Alex Hall laughs at the memory of riding in a Cessna on his first trip North. The plane skimmed above dense clouds, then dove into the fog, then emerged below, with the wide, caribou- and snow goose-scattered tundra spreading out before him. It was the exact moment his life changed forever.
“Looking back on it, I sort of think I was training for this occupation all my life without really knowing it,” says Hall, now a renowned river guide, from his home in Fort Smith. “It just so happened that that’s what I loved doing.”
Beginnings in the outdoors
Raised in Brampton, Ontario, hunting and fishing were a mainstay of Hall’s early life. So were trips to the fishing shack his father had built on a lake just outside Algonquin Provincial Park.
In 1970, Hall was working toward a Masters in biology – specializing in animal ecology – at the University of Toronto. One of his professors was taking a group of students up north on a wolf study, operating out of a shuttered DEW line site called FOX 2. Three hundred feet above the ground, as the Cessna carrying Hall descended, he already knew it wouldn’t be his last trip.
“I graduated after that and the only thing I wanted to do was come back to the tundra,” he says.
A big idea
Having read a magazine article about an early recreational canoe trip down the Thelon River, Hall dreamed up an expedition. In the summer of 1971, he and a friend drove from Ontario to Yellowknife, boarded a floatplane, and embarked on a 37-day canoe trip all the way to Baker Lake.
Still, Hall says, the idea of making a career on the lakes and rivers of the Barrenlands hadn’t yet set in.
He returned to Ontario and put his schooling to work at an environmental consulting firm. The nine-to-five wasn’t for him. “I didn’t like the job. I hated it. I was chained to my desk and started thinking about the Thelon trip,” says Hall. “Suddenly, it occurred to me that I could be doing that as a business.”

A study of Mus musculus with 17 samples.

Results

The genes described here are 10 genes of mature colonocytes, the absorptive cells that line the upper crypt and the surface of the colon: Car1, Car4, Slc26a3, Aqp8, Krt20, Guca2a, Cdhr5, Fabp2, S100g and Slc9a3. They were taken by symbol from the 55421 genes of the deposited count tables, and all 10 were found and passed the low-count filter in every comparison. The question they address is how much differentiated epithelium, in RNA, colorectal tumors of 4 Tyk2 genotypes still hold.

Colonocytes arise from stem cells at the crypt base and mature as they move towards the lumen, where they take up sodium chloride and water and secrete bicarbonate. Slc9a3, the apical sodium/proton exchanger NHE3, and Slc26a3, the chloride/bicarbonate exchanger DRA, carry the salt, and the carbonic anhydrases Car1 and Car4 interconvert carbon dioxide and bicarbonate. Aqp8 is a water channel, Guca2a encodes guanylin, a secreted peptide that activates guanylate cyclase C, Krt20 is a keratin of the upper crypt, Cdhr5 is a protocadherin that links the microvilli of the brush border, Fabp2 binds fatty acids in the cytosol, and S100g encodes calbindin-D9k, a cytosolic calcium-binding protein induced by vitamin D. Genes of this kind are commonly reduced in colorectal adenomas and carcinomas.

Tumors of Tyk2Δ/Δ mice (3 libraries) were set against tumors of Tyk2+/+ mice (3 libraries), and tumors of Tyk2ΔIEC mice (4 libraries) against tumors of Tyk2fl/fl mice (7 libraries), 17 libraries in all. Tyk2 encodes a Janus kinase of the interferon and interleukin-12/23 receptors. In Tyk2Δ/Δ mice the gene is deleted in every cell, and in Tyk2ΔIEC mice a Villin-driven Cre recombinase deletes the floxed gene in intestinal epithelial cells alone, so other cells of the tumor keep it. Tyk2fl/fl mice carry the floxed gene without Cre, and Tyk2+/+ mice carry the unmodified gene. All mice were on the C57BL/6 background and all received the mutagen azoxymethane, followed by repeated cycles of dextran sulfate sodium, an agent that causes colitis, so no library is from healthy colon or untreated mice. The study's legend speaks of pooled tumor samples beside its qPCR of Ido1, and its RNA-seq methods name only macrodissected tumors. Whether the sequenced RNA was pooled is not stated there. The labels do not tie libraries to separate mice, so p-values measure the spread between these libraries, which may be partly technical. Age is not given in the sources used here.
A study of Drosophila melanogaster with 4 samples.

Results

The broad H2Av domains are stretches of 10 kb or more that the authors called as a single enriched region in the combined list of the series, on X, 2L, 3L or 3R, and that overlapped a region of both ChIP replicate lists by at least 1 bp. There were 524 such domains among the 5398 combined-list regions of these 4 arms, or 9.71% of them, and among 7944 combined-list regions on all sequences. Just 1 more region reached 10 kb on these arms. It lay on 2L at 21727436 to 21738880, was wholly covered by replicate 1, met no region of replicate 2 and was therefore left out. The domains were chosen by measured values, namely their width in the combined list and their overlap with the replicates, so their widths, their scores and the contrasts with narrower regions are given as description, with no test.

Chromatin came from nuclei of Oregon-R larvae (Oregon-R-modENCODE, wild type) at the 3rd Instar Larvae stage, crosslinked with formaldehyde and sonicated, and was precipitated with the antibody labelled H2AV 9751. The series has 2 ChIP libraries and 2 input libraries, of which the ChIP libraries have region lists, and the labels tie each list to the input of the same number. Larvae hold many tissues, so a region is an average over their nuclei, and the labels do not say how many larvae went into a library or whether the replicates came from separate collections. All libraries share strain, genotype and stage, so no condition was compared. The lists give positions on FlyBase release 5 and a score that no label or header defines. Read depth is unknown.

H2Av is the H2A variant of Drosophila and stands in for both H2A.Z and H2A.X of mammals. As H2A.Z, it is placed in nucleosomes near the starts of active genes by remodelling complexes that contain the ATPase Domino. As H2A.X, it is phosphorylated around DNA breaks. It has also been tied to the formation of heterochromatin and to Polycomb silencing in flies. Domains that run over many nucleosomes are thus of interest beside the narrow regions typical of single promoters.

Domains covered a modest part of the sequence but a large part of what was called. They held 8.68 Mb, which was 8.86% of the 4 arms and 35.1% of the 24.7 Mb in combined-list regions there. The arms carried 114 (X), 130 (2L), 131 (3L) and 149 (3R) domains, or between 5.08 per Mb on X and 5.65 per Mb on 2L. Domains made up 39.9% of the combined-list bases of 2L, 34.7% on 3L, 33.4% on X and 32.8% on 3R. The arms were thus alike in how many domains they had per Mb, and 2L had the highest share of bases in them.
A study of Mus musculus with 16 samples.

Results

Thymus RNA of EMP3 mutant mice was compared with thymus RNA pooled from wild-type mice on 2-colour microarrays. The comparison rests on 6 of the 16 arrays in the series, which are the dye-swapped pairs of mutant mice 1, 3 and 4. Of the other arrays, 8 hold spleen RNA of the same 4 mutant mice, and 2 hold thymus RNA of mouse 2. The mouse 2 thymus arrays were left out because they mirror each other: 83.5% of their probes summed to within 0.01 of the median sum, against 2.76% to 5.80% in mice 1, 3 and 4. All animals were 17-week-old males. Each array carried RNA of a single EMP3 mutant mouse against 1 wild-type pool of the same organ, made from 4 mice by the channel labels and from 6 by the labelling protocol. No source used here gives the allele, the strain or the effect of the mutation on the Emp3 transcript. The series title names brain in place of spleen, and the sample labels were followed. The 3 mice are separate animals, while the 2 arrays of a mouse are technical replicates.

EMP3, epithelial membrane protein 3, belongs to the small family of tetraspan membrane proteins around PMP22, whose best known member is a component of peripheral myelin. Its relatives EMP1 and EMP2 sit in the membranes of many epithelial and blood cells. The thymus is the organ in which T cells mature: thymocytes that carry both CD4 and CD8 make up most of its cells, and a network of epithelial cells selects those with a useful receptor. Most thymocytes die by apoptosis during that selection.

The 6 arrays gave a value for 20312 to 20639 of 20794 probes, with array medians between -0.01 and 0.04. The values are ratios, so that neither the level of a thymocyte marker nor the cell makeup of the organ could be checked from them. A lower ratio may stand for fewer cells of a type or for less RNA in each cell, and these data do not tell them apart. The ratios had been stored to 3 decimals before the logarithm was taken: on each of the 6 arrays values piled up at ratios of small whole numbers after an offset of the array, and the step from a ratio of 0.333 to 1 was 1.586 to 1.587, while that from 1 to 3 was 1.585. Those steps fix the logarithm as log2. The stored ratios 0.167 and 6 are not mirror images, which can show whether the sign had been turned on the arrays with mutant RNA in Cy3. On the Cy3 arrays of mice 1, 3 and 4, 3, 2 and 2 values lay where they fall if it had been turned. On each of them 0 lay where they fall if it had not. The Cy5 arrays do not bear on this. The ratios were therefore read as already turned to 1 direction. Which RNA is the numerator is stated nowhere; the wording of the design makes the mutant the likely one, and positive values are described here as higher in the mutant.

He headed back to the Northwest Territories – the hard way. In the summer of 1973, Hall and another friend set off on an 11-week paddling trip northbound from the Saskatchewan border. At the end of the journey, they sat down in Yellowknife with government tourism officials.
“I talked to them about starting my business and they basically thought I was nuts,” Hall says with a laugh. “They thought I was really naïve – just some young nutcase.”
A career for the books
Regardless, in 1974, Hall established Canoe Arctic Inc., becoming the first professional canoe guide in the Northwest Territories. At first he headed out on numerous solo exploratory trips, slowly taking on clients – in ‘75 and ’76, he guided one guest each year. But soon his business was growing, and by 1979, Hall says, his trips were selling out completely.
More than 40 years later, with more than 100 trips under his belt, Hall remains the pre-eminent guide on the Thelon. His years in the region, and his background as a wildlife biologist, have made him famous.
His experience has also led to publication: In 2003 his book, Discovering Eden, was published, chronicling his trips and illustrating his connection to the land that drew him at first sight.
This summer, Hall will guide five trips, ranging from eight to 12 days in length and of varying difficulties – lot of people these days, he says, are deterred by lengthy portages.
While the shortest of trips will navigate small lakes and rivers, and another will bring paddlers through the soon-to-be national park of Thaidene Nene
, the Thelon is still Hall’s main river.
He points to a chapter of his book that’s dedicated to its waters. It reads: “I have paddled dozens of rivers across the Barrenlands
– most of the famous ones and some known only to me or a select few – but none have the allure and mystique of the Thelon.”
“The Thelon draws me back again and again. To my mind, the Thelon is the quintessence of wilderness – the jewel in the crown – and home to the most beautiful places left on earth.”